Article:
I'm a Belgian student here at the University of Manchester. I have applied to a bunch of Canadian law school including McGill, UoT and Ottawa. However, many law or nn-law students are getting the opportunity to get offered a training contract. For those who do not know what it is, the big city (London) firms will sponsor a student for their GDL (Law conversion course) and then the LPC to become a solicitor. After that the student works for 2 years at the law firm with a high salary for a trainee.

I'm hesitant about going all the way to Canada if there are more opportunities here in the UK or find myself unemployed because it is even more competitive in Canada. 

Can you give me your opinion about that? 






Do you want to live in Canada long-term? If so, do you want to live in Quebec? If not, why did you want to get a law degree from Canadian/Quebecois universities? If you want to live in Canada long-term, have you looked into the different requirements for Permanent Residency for people who want to settle in Quebec v settling elsewhere in Canada? (and if so, have you thought about that in deciding between McGill in QC, and Ottawa/T in ON?)


Having thought a lot about that, if you want to live and work in Canada, a Canadian degree will make that a lot easier. If you don't, then it will be an expensive decoration that doesn't add much to your employability in Britain, Belgium, or France.


The other thing to think about of course is whether or not you'd require, and be eligible for a work permit in Britain in a year or two's time, which at this point nobody can give you a firm yes or no to. On that front, Canada is a much more stable and predictable option if you can see something that you want and would be eligible for (with the caveat that immigration law can change rapidly, as a number of Quebecois international students found in recent weeks). And for that matter, you said 'many' students had training contract opportunities, but do you? Because if not, that's again an important factor to bear in mind.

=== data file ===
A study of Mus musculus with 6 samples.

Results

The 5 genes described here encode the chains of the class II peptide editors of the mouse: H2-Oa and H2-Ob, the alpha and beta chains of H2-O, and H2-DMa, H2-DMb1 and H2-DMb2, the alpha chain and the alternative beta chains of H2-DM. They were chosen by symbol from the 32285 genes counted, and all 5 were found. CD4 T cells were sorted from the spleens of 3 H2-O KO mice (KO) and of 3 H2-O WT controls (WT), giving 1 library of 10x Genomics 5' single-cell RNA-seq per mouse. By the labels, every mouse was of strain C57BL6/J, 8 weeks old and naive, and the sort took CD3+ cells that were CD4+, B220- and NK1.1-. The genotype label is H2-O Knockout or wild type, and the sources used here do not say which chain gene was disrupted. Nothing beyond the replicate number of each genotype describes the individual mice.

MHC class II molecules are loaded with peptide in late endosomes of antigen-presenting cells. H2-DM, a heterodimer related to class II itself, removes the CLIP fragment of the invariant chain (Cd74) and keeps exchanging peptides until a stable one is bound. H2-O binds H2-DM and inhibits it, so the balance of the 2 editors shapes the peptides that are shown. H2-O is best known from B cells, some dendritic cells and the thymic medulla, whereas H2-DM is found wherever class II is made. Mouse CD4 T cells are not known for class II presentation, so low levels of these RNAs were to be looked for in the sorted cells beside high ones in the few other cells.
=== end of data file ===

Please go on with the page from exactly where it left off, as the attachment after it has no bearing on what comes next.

If you want a truly stable and predictable option, then it would be a degree/job in Belgium or France, but since you don't include that in your options, presumably you're willing to tolerate some level of risk/unpredictability.


I am thinking about living in Canada long-term because settling in the UK is not very appealing to me but I am just afraid that it’ll be even more competitive and difficult to find a job in Canada itself.

I have read about the long-term residency in Canada and Québec and it seems that Canada is looking for many French-speaking people to come and work in the country. The UK with the brexit does not feel as welcoming but I am aware that I won’ have a problem working at a law firm in London as a Belgian and will get sponsored if that is necessary in the future. 

I have chosen to apply to Canadian law schools and my top choice is McGill because I like the fact that it focuses on human rights law. In the UK, it’s pretty much 95% commercial law and 5% human rights law opportunities. I would not mind working for a couple years in commercial but what I want is human rights law. 

Do you think it’s even more competitive in Canada? Is there less articling opportunities?